June 2009

Book Review
Oxygen Homeostasis
review by Katherine Duff

by Majid Ali, MD
Canary Press, 140 West End Avenue, Suite 1H, New York, New York 10023 USA,
Softcover; ©2004; $60; 319 pp.

In Volume 3 of his series The Principles and Practice of Integrative Medicine, Majid Ali addresses the role of oxygen in health and disease. This enlightening and at times provocative text expands our understanding of oxidative stress in disease.

The author takes us back to the beginning of his personal quest when as a pathologist he was able to identify and have confirmed several disease states in the colon of one man. It was here that he parted with the accepted medical model of "one cause/one-disease/one drug" for a model more suited to addressing the body as a whole ecosystem. This approach allowed him to view organs as ecosystems connected to other organ ecosystems through energetic-molecular events.

Critical to our understanding of the energetic-molecular events in the body is recognizing the dichotomous role of oxygen. Ali refers to oxygen as the Dr. Jekyll and Mr. Hyde of human experience: on the one hand it gives life; on the other, it is so toxic to the human body it can take life away.

For an even greater understanding, he takes us into the history of atmospheric oxygen on this planet. Of the three accepted eras, the first was a period of oxygen-free primordial conditions that produced anaerobic microbes. The second is an era when plants generated oxygen concentrations to about 30% to 35%, causing the anaerobes to hide or face extinction from oxygen toxicity. The species living at that time would have to be considered huge by today’s standards. The third era saw a drop in atmospheric oxygen to about 21% or lower at present. And finally, the author adds a fourth era in which the central issue is not the atmospheric oxygen but rather how the oxygen is metabolized in the cells of humans and animals. He calls this the era of functional oxygen deficits.

The term dysoxygenosis is introduced to describe the state of partial or complete failure of oxygen utilization in cells. The oxygenization deficits are caused by oxidative injury to enzyme pathways involved in oxygen transport utilization, redox regulation, and acid-base equilibrium. Ali's work led him to the conclusion that a state of accelerated oxidative molecular injury is the core mechanism involved in cell injury and disease. The stressors for oxidative stress are those that threaten cellular oxygen metabolism and create the oxidative-dysoxygenative states, such as antibiotic use, toxic metals, environmental pollutants, anger, functional nutrient deficits, and more. A most interesting addition to these factors though, is the discussion of primordial life forms (PLF), or yeastlike organisms. These life forms can proliferate in the body as a result of stressors and in turn become stressors themselves.

In what may be the most provocative part of this book, Ali introduces another hypothesis for consideration. Called ORPCE for "oxidative regression to primordial cellular ecology," this is a descriptor for a state when progressive anoxia, acidosis, excess reactive species, and cellular accumulation of certain organic acids create cellular ecologic conditions that closely simulate the primordial state. Once in this state, the body endures rapid multiplication of PLFs.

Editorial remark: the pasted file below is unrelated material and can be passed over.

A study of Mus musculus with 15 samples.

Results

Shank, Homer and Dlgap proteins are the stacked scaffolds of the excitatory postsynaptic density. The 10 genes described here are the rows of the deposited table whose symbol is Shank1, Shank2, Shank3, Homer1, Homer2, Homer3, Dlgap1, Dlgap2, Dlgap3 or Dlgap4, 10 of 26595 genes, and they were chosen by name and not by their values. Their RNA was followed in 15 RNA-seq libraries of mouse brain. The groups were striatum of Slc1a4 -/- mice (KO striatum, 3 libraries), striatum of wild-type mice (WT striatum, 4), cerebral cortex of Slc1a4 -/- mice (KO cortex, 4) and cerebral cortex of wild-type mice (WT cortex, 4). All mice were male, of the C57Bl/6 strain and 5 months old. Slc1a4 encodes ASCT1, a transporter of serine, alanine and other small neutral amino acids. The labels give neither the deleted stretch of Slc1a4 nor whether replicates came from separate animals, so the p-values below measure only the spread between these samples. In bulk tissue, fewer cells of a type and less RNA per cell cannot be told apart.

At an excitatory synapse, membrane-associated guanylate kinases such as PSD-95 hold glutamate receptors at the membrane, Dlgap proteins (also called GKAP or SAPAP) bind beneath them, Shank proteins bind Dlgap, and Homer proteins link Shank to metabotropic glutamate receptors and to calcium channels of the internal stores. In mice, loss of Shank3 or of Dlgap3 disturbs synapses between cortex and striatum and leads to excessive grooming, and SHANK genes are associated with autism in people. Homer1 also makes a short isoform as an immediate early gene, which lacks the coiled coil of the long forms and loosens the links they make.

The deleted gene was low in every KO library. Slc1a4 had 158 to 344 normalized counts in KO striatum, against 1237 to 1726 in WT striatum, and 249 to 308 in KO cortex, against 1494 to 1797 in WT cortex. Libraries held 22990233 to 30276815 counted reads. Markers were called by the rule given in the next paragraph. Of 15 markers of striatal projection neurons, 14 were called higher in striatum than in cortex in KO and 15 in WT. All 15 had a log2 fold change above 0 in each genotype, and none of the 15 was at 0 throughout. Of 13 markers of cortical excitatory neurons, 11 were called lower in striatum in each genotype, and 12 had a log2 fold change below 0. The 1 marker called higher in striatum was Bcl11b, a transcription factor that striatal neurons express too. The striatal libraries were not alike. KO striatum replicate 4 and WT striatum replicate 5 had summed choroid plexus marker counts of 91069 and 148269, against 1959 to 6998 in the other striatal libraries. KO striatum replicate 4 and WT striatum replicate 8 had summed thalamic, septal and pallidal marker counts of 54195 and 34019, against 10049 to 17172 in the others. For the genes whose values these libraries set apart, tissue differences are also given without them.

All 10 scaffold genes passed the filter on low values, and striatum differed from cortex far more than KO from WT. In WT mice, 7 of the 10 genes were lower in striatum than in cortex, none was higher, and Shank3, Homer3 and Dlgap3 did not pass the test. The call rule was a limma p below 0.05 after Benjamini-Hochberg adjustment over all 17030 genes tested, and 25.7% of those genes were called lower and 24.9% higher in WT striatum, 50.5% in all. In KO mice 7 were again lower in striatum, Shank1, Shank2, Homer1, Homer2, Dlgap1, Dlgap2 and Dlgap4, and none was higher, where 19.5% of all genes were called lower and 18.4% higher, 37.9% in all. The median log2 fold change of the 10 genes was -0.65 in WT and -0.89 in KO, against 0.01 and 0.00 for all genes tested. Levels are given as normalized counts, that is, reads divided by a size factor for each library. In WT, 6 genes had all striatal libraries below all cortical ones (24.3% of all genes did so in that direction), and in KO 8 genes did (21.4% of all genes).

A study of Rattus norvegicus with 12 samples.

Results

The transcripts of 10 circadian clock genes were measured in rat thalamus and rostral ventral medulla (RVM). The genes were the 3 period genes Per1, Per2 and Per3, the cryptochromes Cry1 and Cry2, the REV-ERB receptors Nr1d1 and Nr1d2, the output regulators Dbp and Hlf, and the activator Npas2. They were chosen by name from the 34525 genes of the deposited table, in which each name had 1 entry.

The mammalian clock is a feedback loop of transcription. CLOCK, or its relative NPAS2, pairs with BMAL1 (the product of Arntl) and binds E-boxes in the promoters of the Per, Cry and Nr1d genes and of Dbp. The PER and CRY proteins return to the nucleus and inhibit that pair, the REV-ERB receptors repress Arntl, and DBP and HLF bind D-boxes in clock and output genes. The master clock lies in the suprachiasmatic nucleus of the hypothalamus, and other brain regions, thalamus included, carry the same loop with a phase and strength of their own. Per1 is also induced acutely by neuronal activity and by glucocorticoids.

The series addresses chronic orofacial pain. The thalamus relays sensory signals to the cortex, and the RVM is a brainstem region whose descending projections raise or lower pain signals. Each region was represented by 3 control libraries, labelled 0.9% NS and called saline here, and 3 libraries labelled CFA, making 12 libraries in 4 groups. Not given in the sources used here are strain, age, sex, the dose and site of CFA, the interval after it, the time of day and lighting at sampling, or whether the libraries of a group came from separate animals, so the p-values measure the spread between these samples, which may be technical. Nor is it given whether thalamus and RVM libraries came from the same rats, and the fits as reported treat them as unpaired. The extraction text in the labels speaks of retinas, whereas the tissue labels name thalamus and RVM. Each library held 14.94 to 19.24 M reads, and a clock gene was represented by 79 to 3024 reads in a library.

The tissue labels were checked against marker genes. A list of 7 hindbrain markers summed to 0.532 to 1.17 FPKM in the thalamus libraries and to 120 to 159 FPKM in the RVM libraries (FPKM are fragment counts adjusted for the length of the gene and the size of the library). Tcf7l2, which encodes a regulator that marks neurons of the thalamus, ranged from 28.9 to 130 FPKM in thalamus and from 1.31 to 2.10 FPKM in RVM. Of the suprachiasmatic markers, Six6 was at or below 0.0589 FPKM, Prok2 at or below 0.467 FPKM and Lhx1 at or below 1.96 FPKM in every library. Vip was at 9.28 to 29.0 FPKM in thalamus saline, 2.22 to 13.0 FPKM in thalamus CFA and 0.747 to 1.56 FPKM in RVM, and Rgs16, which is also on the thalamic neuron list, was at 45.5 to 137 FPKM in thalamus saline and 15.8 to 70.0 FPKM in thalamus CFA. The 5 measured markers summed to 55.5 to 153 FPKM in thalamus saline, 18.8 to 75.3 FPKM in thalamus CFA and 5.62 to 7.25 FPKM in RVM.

After identifying the stressors affecting oxygen homeostasis and making the case that the dysfunctions can become magnified and self-perpetuating, the author addresses the methods available to arrest these processes and return the body to health. Those therapies that improve tissue perfusion include EDTA chelation, ozone infusions, and hydrogen peroxide infusions. These are discussed in detail, including the dual nature of hydrogen peroxide and ozone that is known to trigger oxidative stress but can also evoke the upregulation of antioxidant enzyme systems. In fact, many therapies are introduced along with clinical results of the author's treatment regimens. The doctor's patients include those suffering from today's mystery illnesses: chronic fatigue, chemical sensitivity, Gulf War Syndrome, fibromyalgia, severe autoimmune disorders and malignant diseases.

This thumbnail sketch of this text surely fails to capture the massive ground that is covered by the author. For one, he recounts his personal journey of exploration into oxygen homeostasis and dysfunction and supports his conclusions using the chemistry, research, and history where, surprisingly, similar discoveries were made but abandoned. He constructs a convincing case for others to make the leap into a new model of medicine that will more accurately address the challenges facing the health and viability of our population.

The mystery illnesses noted in this book, when taken together, are beginning to represent a considerable segment of our population. The current medical models have been inadequate to recognize, much less treat and prevent these illnesses, as evidenced by the public performance of committees set up to study Gulf War Syndrome. Their befuddlement and subsequent dismissal of the thousands who are ill was an apt illustration of the abject failure of the current medical model. As the author makes clear in this book, the stressors on oxygen homeostasis are going to increase. For the journey into the new model that can address the illnesses more of us will face in the future, Dr. Majid Ali has provided the path.